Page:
You can listen to the audio version of this article.
When you lose your job, do you feel like you still have meaning in your life? Unfortunately, for many, losing their job may feel like the end of the world. Many individuals feel as though their success and worth are measured by being employed. While money can’t buy happiness, it cannot be denied that money is needed to afford even your basic necessities. Without it, survival becomes difficult.
If you ever find yourself in the unfortunate situation where you lose your job, it’s normal for your stress levels to spike.
Unemployment can happen when you least expect it, especially when termination without cause may even be legal in some cases. That said, your mental health can suffer as a direct result of job loss.
Here’s how job loss can impact your mental health:
You tend to feel more anxious
Anxiety is one of the more common results directly attributed to a job loss. When you no longer have a source of income, you become anxious about everything. How are you going to afford paying for your rent, meals, utilities? Are there medications that you have to pay for? How are you going to pay for the needs of your children and family? Thoughts like these can hound your mind all the time. When you’re anxiety levels are high, you will naturally find it very difficult to relax.
Sleeping may even be trying. In severe cases of recurring anxiety attacks, you should talk to a mental health professional or seek help. You should also be open to your family or a trusted support group. Talk things out, and see up to what extent you can work things out while you’re still trying to get a new job.
You begin to develop self-doubt
Self-doubt is very common with individuals who have gone through a job loss. The longer it has been since their last employment, the more deep-seated their doubt becomes. Because you’re unable to land a job immediately, you might begin to question your capabilities and skills. The downside to this is that it might lead you to believe that you’re no longer worthy of a job, so there’s the tendency to shut off from the world or to keep to yourself in isolation.
You’ll start to develop depression
When you’re unemployed, there’s a natural tendency to feel a sense of hopelessness. Others may feel disappointed in themselves. Some even disconnect from family and friends, and may refuse to attend social gatherings because they’re ashamed to be asked about where they’re working on – questions that often come up during conversations.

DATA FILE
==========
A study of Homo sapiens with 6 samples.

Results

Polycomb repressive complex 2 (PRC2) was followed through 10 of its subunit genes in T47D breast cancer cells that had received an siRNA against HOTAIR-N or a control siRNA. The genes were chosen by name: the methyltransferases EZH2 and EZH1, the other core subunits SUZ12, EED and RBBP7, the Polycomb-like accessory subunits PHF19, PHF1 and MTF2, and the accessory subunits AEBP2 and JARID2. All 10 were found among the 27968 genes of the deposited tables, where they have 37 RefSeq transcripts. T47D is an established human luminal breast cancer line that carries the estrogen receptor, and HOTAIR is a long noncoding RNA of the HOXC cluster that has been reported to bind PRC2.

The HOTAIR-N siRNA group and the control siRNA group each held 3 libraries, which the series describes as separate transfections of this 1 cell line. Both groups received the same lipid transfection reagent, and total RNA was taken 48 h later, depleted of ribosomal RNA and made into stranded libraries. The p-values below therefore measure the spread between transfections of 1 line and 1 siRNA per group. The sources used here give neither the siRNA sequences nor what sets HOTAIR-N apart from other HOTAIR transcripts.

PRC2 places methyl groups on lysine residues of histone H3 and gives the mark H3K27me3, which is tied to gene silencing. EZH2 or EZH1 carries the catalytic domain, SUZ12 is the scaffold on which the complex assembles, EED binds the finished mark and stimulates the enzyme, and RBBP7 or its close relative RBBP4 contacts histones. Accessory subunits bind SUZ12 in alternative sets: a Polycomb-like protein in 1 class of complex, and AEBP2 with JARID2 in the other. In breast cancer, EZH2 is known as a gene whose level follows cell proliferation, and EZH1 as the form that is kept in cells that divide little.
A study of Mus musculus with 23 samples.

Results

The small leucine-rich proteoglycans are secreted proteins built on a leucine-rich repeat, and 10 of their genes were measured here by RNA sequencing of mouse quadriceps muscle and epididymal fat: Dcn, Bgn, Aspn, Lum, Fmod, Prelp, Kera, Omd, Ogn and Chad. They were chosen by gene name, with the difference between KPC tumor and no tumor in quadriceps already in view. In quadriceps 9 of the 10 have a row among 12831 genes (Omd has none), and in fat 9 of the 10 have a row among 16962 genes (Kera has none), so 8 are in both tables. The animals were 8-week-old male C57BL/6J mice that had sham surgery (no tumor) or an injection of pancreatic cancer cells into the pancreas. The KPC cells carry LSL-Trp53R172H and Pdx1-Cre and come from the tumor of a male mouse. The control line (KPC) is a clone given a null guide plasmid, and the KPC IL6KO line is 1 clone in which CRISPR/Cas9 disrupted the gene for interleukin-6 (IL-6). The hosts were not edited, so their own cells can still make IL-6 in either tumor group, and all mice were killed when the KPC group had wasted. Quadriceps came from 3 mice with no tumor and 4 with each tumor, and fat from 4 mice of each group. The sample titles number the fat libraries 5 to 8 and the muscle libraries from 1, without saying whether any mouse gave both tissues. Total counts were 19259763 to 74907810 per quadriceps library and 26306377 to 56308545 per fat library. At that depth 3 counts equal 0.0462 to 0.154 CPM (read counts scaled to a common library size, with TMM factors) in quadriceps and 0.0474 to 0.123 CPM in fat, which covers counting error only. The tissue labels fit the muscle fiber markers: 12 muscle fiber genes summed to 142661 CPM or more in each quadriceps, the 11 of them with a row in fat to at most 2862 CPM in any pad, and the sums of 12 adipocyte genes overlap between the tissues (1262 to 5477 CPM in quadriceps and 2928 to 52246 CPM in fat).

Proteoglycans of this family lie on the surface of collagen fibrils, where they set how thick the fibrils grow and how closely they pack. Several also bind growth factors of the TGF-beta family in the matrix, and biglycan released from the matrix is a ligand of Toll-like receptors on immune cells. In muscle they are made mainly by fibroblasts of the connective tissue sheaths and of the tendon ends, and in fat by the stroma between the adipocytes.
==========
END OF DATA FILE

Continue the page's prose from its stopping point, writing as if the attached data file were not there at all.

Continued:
When finding another job seems to be a futile effort, stress starts to build up; leading to feelings of worthlessness and depression.
When you suspect that you or any of your unemployed friends and family is developing depressive tendencies, you should seek the help of a professional. With the help of technology, you may even talk to a chatbot therapist in order to fight depression. By doing this, you’re able to avoid these thoughts from progressing, which can lead to suicide.
Symptoms of depression include:
- Depressive mood and thoughts
- Lack of interest in most of daily activities
- Significant weight loss
- Decrease or increase in appetite
Unemployment and lack of job security aren’t uncommon today. Especially with the competition getting stiffer and stiffer, unemployment rates have gone higher as well. If you’re not one of those who are affected by it, then you’re in luck. But nothing is certain and you might find yourself in the unfortunate situation of not having a job.
Undeniably, job loss is one of the most common factors that contribute to mental health problems. If you feel you’re one of these individuals, don’t lose hope. While you’re in the process of finding a job, don’t neglect your mental health and seek the help of a professional, if you need to.
Dennis Relojo-Howell is the founder of Psychreg.
Disclaimer: Psychreg is mainly for information purposes only. Materials on this website are not intended to be a substitute for professional advice, diagnosis, medical treatment, or therapy. Never disregard professional psychological or medical advice nor delay in seeking professional advice or treatment because of something you have read on this website. Read our full disclaimer here.